Course Review | Ledbury Poetry Festival Linklater Method Voice Coaching for Poets 2021
Ledbury Poetry Festival’s fifth annual 'Linklater Method Voice Coaching for New and Emerging poets' was held online for the first time this year.
I was thrilled to be selected as one of nine participants who had applied for coaching in the hope of strengthening performance style. Voice coach, Françoise Walot led the sessions via Zoom over four Friday evenings in February and for two full Saturdays, ending the course on 6th March.
I was a little sceptical about being coached online at the outset. I worried that Zoom would thwart the physicality of voice coaching, and that being behind screens away from each other and our coach would cause me to flounder. I was wrong. Naturally, the lack of physical contact had some impact on us all, but our companionship was still able to flourish and we remained closely connected to Françoise. I learnt new and vital skills, and significantly for me, changed some personal perspectives about the voice that I have.
Sometimes being told what is obvious is a revelation. I had never considered the notion that actors speak the words of others, while poets speak their own, and the implications of that. Francoise encouraged us to connect with a desire to speak as much as the desire to write.
Exercises that focused on our internal structures for breathing and aimed at freeing and releasing the breath from tension, were different to any yoga exercises I have previously been taught. At the start of the course, I found some of the exercises triggered emotional responses and I became aware of what felt like a stone in my throat. One of the most beneficial aspects for me was working to soften that stone, connect with my breath and speak with more awareness of the words in my mouth, in the air and on the page.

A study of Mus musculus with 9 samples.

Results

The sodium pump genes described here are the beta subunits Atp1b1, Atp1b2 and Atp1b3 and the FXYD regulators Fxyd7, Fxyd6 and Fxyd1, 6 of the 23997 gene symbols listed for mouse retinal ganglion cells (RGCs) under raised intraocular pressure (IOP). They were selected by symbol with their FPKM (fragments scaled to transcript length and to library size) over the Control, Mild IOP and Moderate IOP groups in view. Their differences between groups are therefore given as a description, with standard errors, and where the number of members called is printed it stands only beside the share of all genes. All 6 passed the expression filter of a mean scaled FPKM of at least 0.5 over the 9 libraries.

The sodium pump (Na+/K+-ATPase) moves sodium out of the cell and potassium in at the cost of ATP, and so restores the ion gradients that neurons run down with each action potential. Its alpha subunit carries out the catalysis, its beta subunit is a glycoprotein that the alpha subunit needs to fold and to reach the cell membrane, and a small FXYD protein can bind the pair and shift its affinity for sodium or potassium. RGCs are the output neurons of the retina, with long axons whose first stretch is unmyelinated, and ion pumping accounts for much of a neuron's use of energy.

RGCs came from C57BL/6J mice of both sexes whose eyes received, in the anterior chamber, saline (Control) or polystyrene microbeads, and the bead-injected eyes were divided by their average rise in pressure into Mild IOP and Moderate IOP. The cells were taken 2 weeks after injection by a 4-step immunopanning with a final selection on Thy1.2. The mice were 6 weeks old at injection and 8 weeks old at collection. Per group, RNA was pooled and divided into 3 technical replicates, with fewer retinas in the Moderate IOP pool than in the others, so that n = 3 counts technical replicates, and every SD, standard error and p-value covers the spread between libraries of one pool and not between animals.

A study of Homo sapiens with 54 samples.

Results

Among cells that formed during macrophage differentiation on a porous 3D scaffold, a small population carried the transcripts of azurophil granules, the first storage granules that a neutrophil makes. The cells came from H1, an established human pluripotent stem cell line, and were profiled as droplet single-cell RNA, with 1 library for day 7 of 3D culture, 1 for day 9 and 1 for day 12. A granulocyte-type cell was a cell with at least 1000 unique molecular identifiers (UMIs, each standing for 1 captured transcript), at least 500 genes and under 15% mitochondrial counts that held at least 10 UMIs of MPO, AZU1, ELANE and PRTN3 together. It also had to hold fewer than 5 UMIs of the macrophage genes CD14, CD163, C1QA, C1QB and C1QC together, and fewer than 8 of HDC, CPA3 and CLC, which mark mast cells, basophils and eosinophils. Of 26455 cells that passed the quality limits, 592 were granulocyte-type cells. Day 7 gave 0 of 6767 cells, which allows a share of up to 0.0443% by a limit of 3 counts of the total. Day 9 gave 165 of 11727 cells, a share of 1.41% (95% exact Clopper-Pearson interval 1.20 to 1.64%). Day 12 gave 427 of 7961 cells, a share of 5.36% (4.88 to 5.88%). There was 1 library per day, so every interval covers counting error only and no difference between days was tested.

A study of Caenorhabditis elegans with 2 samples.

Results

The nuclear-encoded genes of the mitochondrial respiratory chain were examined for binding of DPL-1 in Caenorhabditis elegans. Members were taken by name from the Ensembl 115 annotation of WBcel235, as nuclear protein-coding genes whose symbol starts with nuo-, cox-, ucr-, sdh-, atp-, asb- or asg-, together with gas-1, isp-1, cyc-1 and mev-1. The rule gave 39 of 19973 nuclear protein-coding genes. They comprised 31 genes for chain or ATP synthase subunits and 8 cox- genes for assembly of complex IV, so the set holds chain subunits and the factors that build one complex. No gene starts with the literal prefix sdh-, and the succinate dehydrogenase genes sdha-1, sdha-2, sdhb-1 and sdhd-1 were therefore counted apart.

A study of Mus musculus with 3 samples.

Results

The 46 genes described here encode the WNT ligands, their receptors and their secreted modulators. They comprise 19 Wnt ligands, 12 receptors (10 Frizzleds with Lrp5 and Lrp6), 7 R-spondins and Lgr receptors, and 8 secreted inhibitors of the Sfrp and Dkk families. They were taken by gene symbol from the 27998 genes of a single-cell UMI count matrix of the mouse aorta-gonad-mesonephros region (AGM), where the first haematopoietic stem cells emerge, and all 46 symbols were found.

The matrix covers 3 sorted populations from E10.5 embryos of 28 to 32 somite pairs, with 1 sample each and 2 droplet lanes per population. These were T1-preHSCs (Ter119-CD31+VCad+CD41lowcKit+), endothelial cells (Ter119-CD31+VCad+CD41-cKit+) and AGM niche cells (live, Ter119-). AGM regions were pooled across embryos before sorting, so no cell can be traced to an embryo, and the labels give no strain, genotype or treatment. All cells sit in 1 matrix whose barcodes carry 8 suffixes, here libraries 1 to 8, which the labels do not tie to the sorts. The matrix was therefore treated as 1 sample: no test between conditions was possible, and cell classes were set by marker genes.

Working with Françoise helped to identify unconscious habits of speech that interfere with the delivery of a poem to an audience. I would have loved longer 1:1 sessions, however the time we had for Françoise to critique us individually, I found invaluable and quite extraordinary.
If the course had been residential as usual, we would undoubtedly have gained from the intimacy of that experience and being able to interact. Nevertheless, I did find that being taught techniques while alone and in isolation encouraged reflection and self-awareness.
For me, voice coaching has done more than instil confidence and enhance performance; it has also changed the way I hear and see poetry on the page. I am now conscious of how each thought in a poem makes singular demands of the breath for conveying meaning, and must be considered separately to punctuation and poetic devices that structure the poem. As a result I am rewriting a set of poems that I had considered finished.
I am very grateful to Ledbury Poetry Festival for being given this opportunity and in admiration of Françoise Walot for her skilfulness at teaching her craft remotely. Should this course run again next year, all I can say to anyone thinking of applying is, "don't hesitate...apply." Apply!
Images: Margaret Adkins
More Information: https://www.poetry-festival.co.uk/new-writers-programme/
Links for Margaret Adkins Writing:
Margaret Adkins started writing when her nursing and midwifery career came to an end in 2015. She become a full-time student at the University of Worcester. She gained a BA (Hons) in Creative Writing & English Literature and an MRes in Theatre & Performance. Winner of the inaugural University of Worcester V. Press Prize, her debut poetry pamphlet Mingled Space is published by V. Press (2019).